Mike BaileyBy Mike Bailey,
Senior Staff Writer

Author, comedian and public speaker David Wood used golf to learn about the world and himself in his revealing and humorous travelogue, "Around the World in 80 Rounds."

Over the years, my perspective on my own golf game has changed. It could be healthier, but I really don't let my performance on a golf course define me anymore. Traveling around the country and parts of the world to review golf courses and resorts will change the way you look at golf. Heck, life's too short to get upset about what's arguably the most difficult and frustrating sport in the world.

In fact, I don't think it's a stretch to say that what you get out of golf might very well help you define the meaning of life for you. For those who believe it's always about the results, I dare say that they're missing the point; it's about the journey, just as it is in life.

David Wood has a good grasp on that concept. A couple years ago or so, Wood did something really liberating. He sold nearly everything he owned and took off around the world to play golf in some of the most unusual places on the planet. He carried a Sunday bag with 10 clubs, a backpack and a credit card, boarded planes, trains (buses) and automobiles and often hoofed it to destinations. He chronicled his journey in a book called "Golf Around the World in 80 Rounds – Chasing a Golf Ball from Tierra del Fuego to the land of the Midnight Sun." (hardcover, 282 pages, St. Martin's Press).

What makes this book so compelling are Wood's life experiences and his unique way of looking at things. Wood spent many years as a stand-up comedian, so you know he's a little whacked already -- but in a good way. His honest assessment of his own game throughout the book is something we can all relate to, but this book is about so much more than golf.

Though the tale is quite humorous, it's about the big picture -- the meaning of life, if you will. It's about taking chances and doing stuff that most people wish they had done when the time comes to say goodbye to this planet. It's about learning that people everywhere are human beings, and though our cultures may be vastly different, deep down we all have the same basic needs.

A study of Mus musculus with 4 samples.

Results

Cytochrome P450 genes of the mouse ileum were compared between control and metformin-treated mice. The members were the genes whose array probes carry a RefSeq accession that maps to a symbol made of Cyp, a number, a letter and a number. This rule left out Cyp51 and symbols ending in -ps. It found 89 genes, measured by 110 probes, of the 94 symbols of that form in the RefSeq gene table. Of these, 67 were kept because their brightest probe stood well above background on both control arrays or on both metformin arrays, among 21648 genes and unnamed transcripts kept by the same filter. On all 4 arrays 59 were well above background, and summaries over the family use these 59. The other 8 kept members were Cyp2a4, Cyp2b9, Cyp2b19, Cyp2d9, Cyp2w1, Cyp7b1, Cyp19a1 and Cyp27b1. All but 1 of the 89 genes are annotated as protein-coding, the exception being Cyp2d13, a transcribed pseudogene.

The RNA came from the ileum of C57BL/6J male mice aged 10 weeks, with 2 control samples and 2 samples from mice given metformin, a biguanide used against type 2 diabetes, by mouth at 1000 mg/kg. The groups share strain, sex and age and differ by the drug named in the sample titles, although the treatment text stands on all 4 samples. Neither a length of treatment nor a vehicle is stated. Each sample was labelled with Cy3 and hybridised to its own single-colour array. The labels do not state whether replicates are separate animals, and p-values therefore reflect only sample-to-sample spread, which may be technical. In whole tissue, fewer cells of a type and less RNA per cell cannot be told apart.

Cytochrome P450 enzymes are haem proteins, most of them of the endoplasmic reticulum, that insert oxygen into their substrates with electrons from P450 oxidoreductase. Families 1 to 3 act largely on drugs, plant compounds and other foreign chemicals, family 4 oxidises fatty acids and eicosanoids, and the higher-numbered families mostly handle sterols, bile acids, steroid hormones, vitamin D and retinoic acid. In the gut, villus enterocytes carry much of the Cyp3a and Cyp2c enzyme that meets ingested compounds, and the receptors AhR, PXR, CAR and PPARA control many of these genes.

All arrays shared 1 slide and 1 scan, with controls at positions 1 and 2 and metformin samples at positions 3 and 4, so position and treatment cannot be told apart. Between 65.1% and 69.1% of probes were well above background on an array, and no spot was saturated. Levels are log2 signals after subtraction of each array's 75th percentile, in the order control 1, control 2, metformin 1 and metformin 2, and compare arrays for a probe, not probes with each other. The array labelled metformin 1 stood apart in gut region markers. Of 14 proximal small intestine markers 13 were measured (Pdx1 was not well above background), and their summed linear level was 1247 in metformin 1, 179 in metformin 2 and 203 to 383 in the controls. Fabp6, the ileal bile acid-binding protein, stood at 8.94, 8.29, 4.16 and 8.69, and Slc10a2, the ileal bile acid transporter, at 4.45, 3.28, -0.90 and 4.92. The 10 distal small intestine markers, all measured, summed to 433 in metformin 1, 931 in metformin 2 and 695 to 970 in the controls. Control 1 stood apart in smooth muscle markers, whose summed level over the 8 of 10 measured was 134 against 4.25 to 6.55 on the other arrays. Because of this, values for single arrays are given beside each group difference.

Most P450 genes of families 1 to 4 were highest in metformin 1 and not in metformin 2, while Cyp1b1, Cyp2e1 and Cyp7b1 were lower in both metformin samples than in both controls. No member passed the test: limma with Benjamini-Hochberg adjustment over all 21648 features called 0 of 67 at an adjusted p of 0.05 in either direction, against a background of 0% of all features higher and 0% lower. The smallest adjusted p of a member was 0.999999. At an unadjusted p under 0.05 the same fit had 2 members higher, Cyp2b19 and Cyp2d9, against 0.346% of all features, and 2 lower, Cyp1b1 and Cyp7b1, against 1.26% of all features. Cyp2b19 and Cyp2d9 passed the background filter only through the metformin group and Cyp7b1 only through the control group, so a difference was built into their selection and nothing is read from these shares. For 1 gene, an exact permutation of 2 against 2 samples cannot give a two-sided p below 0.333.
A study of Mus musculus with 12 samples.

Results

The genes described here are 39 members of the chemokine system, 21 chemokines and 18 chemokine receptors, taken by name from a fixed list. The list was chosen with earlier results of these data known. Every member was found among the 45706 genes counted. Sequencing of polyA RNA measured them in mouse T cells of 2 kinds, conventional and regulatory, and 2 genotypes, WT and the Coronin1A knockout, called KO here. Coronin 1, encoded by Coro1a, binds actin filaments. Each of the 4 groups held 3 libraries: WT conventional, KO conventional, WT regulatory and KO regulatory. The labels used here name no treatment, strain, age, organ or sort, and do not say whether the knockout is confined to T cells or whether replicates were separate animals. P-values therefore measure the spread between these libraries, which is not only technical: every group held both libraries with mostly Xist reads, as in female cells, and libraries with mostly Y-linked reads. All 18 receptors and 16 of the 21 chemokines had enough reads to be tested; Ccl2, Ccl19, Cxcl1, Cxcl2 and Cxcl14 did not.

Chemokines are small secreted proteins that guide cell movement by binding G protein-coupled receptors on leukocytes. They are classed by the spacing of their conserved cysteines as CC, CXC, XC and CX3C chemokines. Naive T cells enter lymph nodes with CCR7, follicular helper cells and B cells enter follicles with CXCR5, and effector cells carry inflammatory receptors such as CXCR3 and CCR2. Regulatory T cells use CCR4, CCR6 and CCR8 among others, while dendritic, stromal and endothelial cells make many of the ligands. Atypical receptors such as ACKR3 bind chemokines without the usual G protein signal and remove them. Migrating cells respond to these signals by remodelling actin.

Wood's journey is also courageous. He readily admits fear when traveling to the politically turmoiled country of Uruguay, but finds out it's well worth it when he gets to play a wonderful Alister MacKenzie-designed course -- on free Monday. On his journey of six continents, he suffers food poisoning, experiences the terrors of reckless cab driving and gets altitude sickness in Argentina.

Wood often plays golf by himself during his journey, taking in the wonderment of his surroundings and reflecting on the global reach of the game in the most remote locations. More important, he most often shares the tee with strangers, learning about their cultures and their attitudes about the game. Those experiences undoubtedly helped shape his current perspective.

Having played golf with Wood post "Around the World in 80 Rounds," I know that he still gets frustrated from time to time, but he has an attitude toward golf -- and life -- that most of us can only envy. Much of the time, he doesn't even keep score; it's just not important. It really is about one shot at a time and taking in the thought process of the architect and the surroundings.

And the book doubles as a travelogue more than anything else. For every golf story, there are equal, if not better, descriptions of the lands and people he visits.

Perhaps author Turk Pipken put it best in the forward to "Around the World in 80 Rounds" when he wrote: "Jealous, that's what I am; Green with golf envy."

Pipken says that with a little tongue-in-cheek, I'm guessing. Wood took a big chance, both in terms of real-life danger and financially. He went with no guarantees he would be published, which is probably the most honest way to undertake such a task. He also had to come back to the real world. Ironically, Wood now finds himself in golf travel public relations. They couldn't have found a better spokesman.

You can order "Around the World in 80 Rounds" on Amazon.com.